Three Arkansas health workers plead guilty to HIPAA violations
Jay Holland, MD, of Little Rock, Ark., Sarah Elizabeth Miller of England, Ark., and Candida Griffin of Little Rock, have pled guilty to HIPAA violation charges, according to the U.S. Attorney for the Eastern District of Arkansas, Jane W. Duke.

Each pled to a misdemeanor violation of HIPAA health information privacy provisions, based on their accessing a patient's record without any legitimate purpose. The pleas were accepted by U.S. Magistrate Judge Henry L. Jones, Jr.

Holland, medical director of Select Specialty Hospital within St. Vincent Infirmary Medical Center (SVIMC) in Little Rock, admitted that after watching television news reports, he accessed a patient's files from his home computer to determine if the reports were accurate.

He admitted it was inappropriate to view the file and said he accessed the file out of curiosity. Holland had received HIPAA training and said he understood that he violated HIPAA in his actions. SVIMC suspended Holland's privileges for two weeks and required him to complete online HIPAA training.

Sarah Elizabeth Miller, formerly an account representative at SVIMC, was responsible for admitting and discharging patients in the clinic and for processing patient billing. To perform her duties, she had access to all SVIMC patient records. On Oct. 20 and 21, 2008, she accessed a patient's files approximately 12 times out of curiosity. She admitted that she accessed the records "without any legitimate purpose." Records show that Miller was trained on HIPAA privacy laws by SVIMC. SVIMC fired Miller from her position.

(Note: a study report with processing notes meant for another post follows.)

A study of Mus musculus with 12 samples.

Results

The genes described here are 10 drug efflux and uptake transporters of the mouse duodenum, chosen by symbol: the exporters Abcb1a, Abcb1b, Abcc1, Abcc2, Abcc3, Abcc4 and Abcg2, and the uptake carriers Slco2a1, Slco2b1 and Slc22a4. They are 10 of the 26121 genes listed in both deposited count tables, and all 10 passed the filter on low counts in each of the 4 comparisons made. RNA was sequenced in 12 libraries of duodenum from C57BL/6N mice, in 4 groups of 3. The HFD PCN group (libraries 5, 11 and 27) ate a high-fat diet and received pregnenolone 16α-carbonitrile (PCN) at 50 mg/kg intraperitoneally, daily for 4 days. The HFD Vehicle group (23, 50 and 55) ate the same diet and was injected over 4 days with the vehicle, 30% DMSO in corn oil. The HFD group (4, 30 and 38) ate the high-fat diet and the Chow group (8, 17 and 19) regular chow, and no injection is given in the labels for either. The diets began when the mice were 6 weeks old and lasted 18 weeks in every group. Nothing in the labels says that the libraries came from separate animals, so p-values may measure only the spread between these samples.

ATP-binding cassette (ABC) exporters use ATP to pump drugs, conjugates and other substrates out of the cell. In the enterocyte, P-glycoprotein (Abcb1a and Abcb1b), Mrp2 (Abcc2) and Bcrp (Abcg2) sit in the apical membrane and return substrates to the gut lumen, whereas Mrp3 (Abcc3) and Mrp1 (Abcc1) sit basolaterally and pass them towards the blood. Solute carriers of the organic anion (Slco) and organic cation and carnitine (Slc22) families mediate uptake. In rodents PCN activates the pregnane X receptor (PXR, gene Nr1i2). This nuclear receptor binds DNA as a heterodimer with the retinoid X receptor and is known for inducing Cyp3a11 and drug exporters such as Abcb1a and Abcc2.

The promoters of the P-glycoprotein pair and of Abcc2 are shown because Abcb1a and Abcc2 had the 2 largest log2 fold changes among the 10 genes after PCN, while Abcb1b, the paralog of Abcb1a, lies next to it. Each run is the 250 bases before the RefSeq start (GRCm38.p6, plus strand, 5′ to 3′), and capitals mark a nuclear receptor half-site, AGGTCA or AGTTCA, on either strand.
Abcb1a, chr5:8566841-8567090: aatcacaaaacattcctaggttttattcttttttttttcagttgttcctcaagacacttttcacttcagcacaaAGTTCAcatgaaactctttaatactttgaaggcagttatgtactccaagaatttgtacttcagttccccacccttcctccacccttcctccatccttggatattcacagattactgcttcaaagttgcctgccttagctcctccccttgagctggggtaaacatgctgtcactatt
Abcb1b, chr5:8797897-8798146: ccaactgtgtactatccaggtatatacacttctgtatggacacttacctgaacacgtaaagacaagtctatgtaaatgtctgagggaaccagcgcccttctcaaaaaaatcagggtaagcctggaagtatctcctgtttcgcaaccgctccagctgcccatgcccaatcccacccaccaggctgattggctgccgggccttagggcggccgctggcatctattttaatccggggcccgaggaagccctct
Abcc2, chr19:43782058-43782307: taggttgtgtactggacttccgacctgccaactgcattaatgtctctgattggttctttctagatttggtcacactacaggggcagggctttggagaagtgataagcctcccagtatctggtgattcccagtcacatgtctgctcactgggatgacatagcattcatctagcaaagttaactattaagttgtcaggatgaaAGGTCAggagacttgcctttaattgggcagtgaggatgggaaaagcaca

Candida Griffin was the emergency room coordinator at SVIMC, and her responsibilities were primarily administrative--ordering patient tests and performing data entry for the emergency room. On Oct. 20, 2008, she was told by the charge nurse to set up an alias for a particular patient admitted to the emergency room.

On Oct. 21, 2008, after the patient had been moved to ICU, Griffin admitted that she became curious about the patient's status and accessed the medical chart out of curiosity. Griffin did not inform anyone about accessing the chart; however, hospital records show that the patient's records were accessed three times that day by Griffin. SVIMC records show that Griffin was trained on HIPAA privacy laws. SVIMC fired Griffin from her position.

Pursuant to plea agreements, Holland, Miller and Griffin pled guilty to a misdemeanor violation of HIPAA health information privacy provisions, based on their accessing a patient's record without a legitimate purpose.

Each faces a maximum penalty of one-year imprisonment, a fine of not more than $50,000, or both. A sentencing date has not yet been set, but it is anticipated to be within the next 45-60 days, according to Thomas J. Browne, special-agent-in-charge of the Little Rock Division of the FBI.